Ratings, Mistakes, And Some Surprises on NBC Olympics Call

By Alex Weprin 

NBC Sports held a conference call with reporters this morning, outlining the coverage so far, and some of the lessons learned.

Not surprisingly, NBC Sports chairman Mark Lazarus and NBC’s research chief Alan Wurtzel began the call talking about the ratings, which have placed above the Beijing games every single night so far.

“I don’t think any of us here or any of you frankly expected us to be having this dialog right now,” Lazarus said, adding that the numbers were a “very pleasant surprise.” 38.7 million watched Tuesday night delivering a 21.8 rating/35 share; the best non-U.S. Summer Olympic night since Montreal in 1976.

Other surprises included the cost of the games. Lazarus acknowledges that NBC was expecting to lose around $200 million for these games, but now says “there’s a chance” that the network could even make a bit of money, when it is all said and done.

NBC Sports chairman Mark Lazarus

Then there was the sleeper sport of the games so far: Archery, which drew 1.5 million viewers on TV, more than Olympics basketball games so far. “Archery is the new curling,” quipped Wurtzel. “Maybe it’s the ‘Hunger Games’ phenomenon.”

The executives addressed the criticism the network has faced on social media platforms, with Lazarus noting that “some of [the criticism] is in fact fair, and we are listening.”

That said, he defended NBC’s edit of the women’s gymnastics final, saying that the Russian performance that was cut was “immaterial to the outcome” and done so purely for time reasons. He challenged anyone listening to re-watch the full event online, which he says would confirm that the cut was fair.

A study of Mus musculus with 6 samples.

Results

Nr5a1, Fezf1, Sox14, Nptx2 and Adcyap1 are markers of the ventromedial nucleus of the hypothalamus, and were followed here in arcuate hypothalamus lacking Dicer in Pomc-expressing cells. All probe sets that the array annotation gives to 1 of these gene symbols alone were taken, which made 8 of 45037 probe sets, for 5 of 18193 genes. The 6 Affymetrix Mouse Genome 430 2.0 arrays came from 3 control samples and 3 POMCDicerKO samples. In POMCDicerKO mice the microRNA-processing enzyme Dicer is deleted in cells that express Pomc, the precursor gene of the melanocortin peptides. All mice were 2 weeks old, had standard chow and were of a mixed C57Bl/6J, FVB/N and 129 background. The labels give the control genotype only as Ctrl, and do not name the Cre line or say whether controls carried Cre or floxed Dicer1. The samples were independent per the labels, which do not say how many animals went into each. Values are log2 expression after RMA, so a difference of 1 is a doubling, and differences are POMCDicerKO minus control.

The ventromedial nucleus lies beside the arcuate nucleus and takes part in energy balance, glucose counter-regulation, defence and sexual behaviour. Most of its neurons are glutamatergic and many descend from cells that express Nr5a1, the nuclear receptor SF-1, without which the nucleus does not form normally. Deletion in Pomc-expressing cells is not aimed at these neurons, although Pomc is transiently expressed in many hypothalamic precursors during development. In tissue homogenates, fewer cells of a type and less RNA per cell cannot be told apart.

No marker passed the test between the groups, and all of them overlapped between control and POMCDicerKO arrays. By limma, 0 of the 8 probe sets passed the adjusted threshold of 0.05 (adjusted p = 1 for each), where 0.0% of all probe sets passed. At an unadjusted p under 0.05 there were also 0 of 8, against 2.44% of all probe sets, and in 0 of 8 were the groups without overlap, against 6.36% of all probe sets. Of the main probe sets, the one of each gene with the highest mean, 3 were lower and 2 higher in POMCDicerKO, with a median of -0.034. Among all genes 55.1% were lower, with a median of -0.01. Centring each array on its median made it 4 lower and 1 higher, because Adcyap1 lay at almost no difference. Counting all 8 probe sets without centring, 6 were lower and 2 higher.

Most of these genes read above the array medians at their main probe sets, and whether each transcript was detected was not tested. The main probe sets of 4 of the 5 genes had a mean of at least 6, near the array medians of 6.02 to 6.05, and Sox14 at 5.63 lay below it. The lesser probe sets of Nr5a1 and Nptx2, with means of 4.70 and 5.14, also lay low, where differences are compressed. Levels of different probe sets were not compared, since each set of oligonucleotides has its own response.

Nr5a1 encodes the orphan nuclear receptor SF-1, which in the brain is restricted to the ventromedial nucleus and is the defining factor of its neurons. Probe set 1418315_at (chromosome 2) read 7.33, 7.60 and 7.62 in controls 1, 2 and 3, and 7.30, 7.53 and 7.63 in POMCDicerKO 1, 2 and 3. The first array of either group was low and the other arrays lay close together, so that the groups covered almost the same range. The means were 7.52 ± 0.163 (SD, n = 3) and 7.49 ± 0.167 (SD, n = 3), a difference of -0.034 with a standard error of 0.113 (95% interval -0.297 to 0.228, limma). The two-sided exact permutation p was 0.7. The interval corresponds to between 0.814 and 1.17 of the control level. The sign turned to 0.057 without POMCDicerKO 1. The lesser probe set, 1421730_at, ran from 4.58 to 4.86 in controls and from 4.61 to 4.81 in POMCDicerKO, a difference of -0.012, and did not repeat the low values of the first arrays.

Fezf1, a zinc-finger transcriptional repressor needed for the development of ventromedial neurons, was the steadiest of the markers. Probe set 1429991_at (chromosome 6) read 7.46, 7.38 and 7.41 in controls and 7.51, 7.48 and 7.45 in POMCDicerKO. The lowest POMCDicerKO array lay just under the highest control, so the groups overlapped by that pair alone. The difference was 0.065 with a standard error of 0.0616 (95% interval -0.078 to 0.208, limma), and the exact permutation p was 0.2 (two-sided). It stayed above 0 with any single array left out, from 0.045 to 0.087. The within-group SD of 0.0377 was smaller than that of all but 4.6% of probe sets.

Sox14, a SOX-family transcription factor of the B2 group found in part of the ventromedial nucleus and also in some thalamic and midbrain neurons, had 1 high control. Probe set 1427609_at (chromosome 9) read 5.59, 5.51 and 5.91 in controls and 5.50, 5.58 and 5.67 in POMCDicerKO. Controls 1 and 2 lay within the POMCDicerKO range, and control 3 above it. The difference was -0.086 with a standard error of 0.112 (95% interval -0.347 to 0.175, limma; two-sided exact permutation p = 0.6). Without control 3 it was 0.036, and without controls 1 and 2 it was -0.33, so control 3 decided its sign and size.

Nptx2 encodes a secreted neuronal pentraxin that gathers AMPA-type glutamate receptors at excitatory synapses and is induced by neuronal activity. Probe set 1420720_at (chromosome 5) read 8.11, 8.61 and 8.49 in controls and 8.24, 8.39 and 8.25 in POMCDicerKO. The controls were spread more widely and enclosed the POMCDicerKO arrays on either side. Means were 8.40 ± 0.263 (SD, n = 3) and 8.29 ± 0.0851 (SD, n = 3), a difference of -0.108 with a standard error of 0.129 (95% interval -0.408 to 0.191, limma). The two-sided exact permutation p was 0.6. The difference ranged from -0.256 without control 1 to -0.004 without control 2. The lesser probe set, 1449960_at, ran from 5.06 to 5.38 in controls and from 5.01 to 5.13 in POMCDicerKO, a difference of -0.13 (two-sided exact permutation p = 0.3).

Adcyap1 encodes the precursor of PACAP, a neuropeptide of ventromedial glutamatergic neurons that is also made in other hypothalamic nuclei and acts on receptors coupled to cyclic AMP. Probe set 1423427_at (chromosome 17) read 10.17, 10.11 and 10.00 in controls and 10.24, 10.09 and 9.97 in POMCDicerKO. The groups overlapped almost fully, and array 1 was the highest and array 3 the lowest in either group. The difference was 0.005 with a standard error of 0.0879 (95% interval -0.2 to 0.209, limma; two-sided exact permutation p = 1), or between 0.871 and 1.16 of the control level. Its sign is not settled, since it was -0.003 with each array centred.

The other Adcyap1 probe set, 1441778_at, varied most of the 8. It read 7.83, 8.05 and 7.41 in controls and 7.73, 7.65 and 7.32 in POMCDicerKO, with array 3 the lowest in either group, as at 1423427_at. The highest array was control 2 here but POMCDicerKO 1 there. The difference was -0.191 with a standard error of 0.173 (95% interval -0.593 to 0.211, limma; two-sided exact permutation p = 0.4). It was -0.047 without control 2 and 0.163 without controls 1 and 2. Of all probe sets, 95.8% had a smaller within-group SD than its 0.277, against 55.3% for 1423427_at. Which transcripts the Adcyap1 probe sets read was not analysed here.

With regards to the #NBCFail hashtag on twitter, Lazarus said of online criticism: “We think it is a very loud minority, the silent majority has been with us the last six days.”

Lazarus also apologized for the “Today” promo that spoiled a swimming event earlier this week, and also said that the network’s Twitter feed would send out alerts about live-streaming earlier, so that people wanting to watch wont miss any part of the events due to pre-roll ads.

On the digital side, Wurtzel touted the numbers one would expect, but there were a few surprises. The most-watched event live online was the women’s gymnastics final, which saw 1.5 million streams.

Lazarus also said NBC was open to the possibility of offering a paid online streaming package for viewers that don’t subscribe to cable, but that NBC would “discuss it” with its cable partners before making any firm decisions.